It was during his second extended visit to Africa. It was a Quaker friend, an Afro-American, who told me that Malcolm X would visit Dar es Salaam and urged me to meet him. To what end I asked? I then told Bill about my first encounter with Malcolm X, at a United Nations reception in New York a year or so earlier. There, Malcolm X had been unyielding: there was no way that he would use his considerable leadership skills to involve whites as well as blacks in the struggle against injustice. In his world scenario there were no positive roles for whites. Given that experience, was there anything further for me to discuss with Mr X?
My friend was not put off. Malcolm had been transformed at Mecca, he said. I would profit personally from exchanging views with him, and Malcolm himself would gain from meeting not just Africans and black Americans but people like me, white Americans working in Africa with Africans.
Later that day I headed for a phone booth on the verandah of the old New Africa Hotel. The phone was being used. Occupied by whom? Malcolm X hung up, smiled, introduced himself. Some four hours later, we finished talking.
Malcolm X told me how his hadj – his pilgrimage to Mecca – had transformed him, and how his conversations with African leaders like Julius Nyerere and Jomo Kenyatta had enriched him. The two neighbouring countries had had widely disparate colonial histories, and, consequently, starkly different independence struggles: Tanzania’s was a triumph of reason, Kenya’s a revolution. Malcolm X appreciated Nyerere’s perspective that his country’s argument with the former colonial master was with the British government, not with the British people. And he was aware of Kenyatta’ s capacity to come to an understanding with Kenya’s white settler farmers, and gain their great respect. Malcolm marvelled most that both presidents were free of racial animosity.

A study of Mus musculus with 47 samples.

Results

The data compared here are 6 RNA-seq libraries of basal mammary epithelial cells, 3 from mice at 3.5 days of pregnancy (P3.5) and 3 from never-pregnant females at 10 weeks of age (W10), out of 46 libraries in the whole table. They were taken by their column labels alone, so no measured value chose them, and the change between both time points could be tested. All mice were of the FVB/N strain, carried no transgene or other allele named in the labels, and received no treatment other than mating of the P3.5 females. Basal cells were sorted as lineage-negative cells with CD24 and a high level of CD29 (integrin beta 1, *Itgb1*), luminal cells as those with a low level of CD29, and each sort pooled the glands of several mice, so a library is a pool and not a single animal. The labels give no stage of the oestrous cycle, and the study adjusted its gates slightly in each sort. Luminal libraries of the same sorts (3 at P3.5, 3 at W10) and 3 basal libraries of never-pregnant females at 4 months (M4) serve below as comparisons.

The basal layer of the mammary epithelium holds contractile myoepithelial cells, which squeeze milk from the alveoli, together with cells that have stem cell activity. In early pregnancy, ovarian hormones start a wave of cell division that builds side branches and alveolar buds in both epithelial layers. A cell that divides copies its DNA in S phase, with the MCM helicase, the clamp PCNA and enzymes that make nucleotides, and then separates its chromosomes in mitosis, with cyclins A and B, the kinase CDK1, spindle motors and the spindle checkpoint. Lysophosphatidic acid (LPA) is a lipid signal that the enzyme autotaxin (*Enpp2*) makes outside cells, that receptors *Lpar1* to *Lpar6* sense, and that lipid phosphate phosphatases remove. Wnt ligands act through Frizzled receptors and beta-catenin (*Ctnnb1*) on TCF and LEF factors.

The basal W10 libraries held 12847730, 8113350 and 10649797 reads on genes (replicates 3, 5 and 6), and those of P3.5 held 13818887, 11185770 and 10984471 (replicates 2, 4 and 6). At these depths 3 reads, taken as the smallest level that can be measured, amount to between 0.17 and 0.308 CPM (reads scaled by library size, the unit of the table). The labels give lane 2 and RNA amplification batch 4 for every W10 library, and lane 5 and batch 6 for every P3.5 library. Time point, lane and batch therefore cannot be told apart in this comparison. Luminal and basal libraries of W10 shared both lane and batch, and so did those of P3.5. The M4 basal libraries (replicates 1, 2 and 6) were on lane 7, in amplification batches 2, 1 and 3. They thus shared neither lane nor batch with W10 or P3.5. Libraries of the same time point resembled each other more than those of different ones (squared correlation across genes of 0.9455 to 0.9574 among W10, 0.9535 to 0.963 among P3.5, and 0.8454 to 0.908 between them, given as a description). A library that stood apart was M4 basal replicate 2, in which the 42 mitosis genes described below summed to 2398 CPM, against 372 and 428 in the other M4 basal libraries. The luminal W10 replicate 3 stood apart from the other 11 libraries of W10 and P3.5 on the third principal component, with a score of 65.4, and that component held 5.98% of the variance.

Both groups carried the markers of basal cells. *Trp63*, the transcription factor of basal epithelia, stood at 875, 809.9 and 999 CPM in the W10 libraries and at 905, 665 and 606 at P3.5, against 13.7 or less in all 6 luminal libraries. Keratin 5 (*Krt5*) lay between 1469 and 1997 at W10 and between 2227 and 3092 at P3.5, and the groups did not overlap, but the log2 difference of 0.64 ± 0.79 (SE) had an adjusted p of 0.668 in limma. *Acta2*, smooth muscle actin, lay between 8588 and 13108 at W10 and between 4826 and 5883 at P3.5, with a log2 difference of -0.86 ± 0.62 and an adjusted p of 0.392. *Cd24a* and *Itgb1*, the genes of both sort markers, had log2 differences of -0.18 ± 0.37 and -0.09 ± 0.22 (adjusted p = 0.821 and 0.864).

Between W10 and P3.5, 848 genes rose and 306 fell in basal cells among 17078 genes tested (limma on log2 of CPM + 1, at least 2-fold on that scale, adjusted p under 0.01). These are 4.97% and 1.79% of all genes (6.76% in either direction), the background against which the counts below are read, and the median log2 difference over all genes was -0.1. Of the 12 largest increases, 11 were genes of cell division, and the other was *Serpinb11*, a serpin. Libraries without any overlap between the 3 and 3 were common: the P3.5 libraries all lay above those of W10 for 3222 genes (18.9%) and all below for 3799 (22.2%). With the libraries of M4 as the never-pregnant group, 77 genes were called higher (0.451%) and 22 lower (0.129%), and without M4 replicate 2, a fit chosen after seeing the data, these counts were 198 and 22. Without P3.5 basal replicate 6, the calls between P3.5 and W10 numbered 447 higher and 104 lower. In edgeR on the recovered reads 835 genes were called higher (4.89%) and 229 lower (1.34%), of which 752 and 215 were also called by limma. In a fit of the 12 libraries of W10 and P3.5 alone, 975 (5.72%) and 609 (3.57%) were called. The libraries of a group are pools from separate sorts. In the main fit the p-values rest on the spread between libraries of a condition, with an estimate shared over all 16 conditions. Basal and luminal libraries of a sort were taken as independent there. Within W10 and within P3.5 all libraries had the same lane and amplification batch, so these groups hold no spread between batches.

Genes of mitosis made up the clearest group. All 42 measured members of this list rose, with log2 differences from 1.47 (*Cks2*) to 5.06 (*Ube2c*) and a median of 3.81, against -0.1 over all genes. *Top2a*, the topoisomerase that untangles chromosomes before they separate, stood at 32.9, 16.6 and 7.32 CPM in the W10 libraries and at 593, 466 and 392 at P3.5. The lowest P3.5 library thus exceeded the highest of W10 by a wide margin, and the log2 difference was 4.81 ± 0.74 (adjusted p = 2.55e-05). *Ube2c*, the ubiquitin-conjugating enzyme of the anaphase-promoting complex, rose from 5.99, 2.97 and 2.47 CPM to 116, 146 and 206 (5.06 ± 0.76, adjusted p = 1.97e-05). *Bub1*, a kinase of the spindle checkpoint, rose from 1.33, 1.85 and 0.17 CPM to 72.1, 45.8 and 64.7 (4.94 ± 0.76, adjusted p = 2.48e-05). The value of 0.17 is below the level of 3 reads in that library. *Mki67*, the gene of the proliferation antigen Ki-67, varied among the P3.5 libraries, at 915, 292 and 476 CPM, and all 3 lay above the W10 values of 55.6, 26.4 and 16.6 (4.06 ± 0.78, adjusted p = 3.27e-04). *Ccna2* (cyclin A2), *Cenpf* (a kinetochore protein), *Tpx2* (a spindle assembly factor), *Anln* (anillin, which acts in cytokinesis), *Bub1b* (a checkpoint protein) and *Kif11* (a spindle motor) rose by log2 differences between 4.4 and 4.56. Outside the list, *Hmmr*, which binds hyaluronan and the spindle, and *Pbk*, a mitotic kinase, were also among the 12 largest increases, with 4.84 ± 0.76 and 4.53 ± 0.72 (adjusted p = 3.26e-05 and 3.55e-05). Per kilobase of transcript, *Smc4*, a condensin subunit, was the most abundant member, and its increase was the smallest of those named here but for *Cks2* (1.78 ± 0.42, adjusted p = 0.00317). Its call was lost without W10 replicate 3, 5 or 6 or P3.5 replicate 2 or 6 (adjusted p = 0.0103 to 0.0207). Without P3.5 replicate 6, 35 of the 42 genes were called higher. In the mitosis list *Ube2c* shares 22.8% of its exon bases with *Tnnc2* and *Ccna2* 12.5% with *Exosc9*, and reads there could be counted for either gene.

Now, despite our earlier encounter, I could see not a trace of racism remaining in Malcolm X. The impact of Mecca and of his meetings with African leaders, enhanced by his unique ability to assimilate ideas and viewpoints, was profound.
Something else had happened. He began to see his struggle for justice as reaching past the issues of American civil rights to that of global human rights.
I have never, before or since, met a person with so incisive a mind or so great a capacity to ask probing questions and to learn what moved people. Responding to his questions, I explained that this was my third year in Africa and that I was there out of concern for justice and fairness that were planted in me by my parents, my educators and my Christian faith.
I was not to see Malcolm X again: just weeks later he was assassinated. Still, from that one meeting I knew that, at the end of his life, Malcolm wanted all of us to join in making the world a better place, more human and more humane, and that he was in a hurry.